An alleged rape early Wednesday morning sent a woman to Erlanger hospital with cuts and bruises on her face and head.
The man accused of attacking her is behind bars on a $250,000 bond awaiting a July 1 court date. It will be the latest chapter in his long history of run-ins with the law that includes a guilty plea to an attempted first-degree murder charge in 1995.
Police arrested Willie James Bradley, 53, at 2:35 p.m. Wednesday, about 12 hours after the alleged attack occurred inside a vacant house at 2012 Milne St.
The woman who said Bradley attacked her told police she had been riding with a friend and Bradley. She only knew Bradley as "Doc" and said her friend picked him up at the Kanku's at 3440 Wilcox Blvd.
According to an arrest affidavit, the woman stated she needed to use the restroom and Bradley said he knew of a place where they could stop.
They pulled over at the house on Milne Street and entered, at which time Bradley began the rape, the woman told police.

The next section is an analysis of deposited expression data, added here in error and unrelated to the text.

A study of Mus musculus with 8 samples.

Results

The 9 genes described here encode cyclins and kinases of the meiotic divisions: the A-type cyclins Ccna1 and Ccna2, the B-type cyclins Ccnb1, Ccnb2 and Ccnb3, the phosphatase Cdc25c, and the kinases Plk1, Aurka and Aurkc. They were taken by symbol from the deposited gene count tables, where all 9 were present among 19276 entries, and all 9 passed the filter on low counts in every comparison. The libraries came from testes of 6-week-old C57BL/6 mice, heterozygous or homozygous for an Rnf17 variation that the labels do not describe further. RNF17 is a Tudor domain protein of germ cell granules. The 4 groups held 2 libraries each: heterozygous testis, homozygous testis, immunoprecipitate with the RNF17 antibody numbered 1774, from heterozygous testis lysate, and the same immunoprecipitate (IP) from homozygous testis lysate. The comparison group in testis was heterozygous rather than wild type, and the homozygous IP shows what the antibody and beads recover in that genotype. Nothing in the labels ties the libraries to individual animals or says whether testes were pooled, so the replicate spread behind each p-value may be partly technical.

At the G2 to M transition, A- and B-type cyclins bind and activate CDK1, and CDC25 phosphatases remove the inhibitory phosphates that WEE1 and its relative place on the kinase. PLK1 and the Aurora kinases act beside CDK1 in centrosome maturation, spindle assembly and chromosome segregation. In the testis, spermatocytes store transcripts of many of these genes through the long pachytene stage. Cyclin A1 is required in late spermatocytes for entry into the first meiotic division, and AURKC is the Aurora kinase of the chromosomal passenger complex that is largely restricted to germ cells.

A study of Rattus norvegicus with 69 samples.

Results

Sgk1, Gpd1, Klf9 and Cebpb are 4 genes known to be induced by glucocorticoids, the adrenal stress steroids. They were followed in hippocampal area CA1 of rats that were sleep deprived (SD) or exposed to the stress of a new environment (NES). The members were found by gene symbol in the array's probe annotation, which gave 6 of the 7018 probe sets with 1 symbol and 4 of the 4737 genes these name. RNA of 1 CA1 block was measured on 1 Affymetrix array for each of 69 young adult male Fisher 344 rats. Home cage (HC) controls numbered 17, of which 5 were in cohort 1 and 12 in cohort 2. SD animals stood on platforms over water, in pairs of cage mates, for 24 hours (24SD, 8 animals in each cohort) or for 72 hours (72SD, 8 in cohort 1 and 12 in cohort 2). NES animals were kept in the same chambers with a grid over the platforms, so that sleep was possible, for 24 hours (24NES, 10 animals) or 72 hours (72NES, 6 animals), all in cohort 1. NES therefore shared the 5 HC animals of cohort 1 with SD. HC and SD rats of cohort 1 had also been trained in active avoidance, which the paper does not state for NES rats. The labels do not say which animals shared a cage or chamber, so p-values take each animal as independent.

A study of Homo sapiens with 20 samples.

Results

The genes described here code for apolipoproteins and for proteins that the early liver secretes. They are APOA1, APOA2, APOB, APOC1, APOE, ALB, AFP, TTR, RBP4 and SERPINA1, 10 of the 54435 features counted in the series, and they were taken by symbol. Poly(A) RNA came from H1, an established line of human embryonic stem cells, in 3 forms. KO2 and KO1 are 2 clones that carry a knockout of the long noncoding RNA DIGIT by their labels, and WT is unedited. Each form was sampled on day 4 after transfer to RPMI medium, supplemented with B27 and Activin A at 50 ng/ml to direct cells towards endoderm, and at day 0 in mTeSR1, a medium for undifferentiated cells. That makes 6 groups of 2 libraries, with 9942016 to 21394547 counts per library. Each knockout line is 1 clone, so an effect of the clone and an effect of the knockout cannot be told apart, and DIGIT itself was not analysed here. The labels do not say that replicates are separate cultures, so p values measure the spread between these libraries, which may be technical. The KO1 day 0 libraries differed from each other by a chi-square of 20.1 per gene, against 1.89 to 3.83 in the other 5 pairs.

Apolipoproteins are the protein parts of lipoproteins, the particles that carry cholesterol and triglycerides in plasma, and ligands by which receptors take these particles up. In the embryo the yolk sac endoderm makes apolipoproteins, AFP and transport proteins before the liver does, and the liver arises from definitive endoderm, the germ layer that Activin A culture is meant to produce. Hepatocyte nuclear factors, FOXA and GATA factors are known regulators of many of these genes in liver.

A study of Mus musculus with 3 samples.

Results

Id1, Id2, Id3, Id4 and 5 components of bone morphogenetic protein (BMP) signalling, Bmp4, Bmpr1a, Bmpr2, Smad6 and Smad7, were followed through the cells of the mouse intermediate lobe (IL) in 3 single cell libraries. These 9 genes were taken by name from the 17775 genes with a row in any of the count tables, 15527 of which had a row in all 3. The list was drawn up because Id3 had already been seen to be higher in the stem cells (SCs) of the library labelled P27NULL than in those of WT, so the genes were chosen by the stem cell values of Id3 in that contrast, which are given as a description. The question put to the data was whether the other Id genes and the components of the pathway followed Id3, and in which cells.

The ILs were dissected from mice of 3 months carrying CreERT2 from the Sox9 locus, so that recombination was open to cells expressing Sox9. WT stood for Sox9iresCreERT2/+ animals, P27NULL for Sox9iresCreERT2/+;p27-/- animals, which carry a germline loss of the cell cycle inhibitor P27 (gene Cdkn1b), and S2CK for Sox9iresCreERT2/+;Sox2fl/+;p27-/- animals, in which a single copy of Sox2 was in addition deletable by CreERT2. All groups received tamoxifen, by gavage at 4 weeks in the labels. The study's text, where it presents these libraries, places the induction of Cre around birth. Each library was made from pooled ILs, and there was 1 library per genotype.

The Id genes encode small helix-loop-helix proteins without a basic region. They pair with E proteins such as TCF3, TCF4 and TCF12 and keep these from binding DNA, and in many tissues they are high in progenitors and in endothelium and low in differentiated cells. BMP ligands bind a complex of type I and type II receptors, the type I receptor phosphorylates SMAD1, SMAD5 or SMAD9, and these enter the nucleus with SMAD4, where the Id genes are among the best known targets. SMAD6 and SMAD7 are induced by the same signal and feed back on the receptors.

She said Bradley punched her during the struggle, and then Bradley ran away. Investigators found blood on the floor and walls.
Bradley pleaded guilty in 1999 to aggravated rape, a felony, and was sentenced to six years. He has also been charged with carjacking, theft, assault, robbery and kidnapping in the past.
In 2006 he pleaded guilty to violating the sex offender registry.
Contact staff writer David Cobb at firstname.lastname@example.org or 423-757-6731.
In a previous story the Times Free Press reported testimony from a police officer given during a hearing with defendant Willie Bradley that could have misled readers. In that hearing, Bradley was charged with aggravated rape, aggravated assault and aggravated kidnapping. One of the officers who responded to the scene in the 2000 block of Milne Street said, "It was awful — blood spray everywhere. It was terrible," but according to District Attorney General Neal Pinkston, it was later announced in court that the blood was from Bradley and not the victim. Pinkston also said later court proceedings revealed the victim had multiple sources of DNA found within her which cast doubt on her version of events from the incident. He said those facts led prosecutors, who can only convict with evidence, to accept a reduced charge.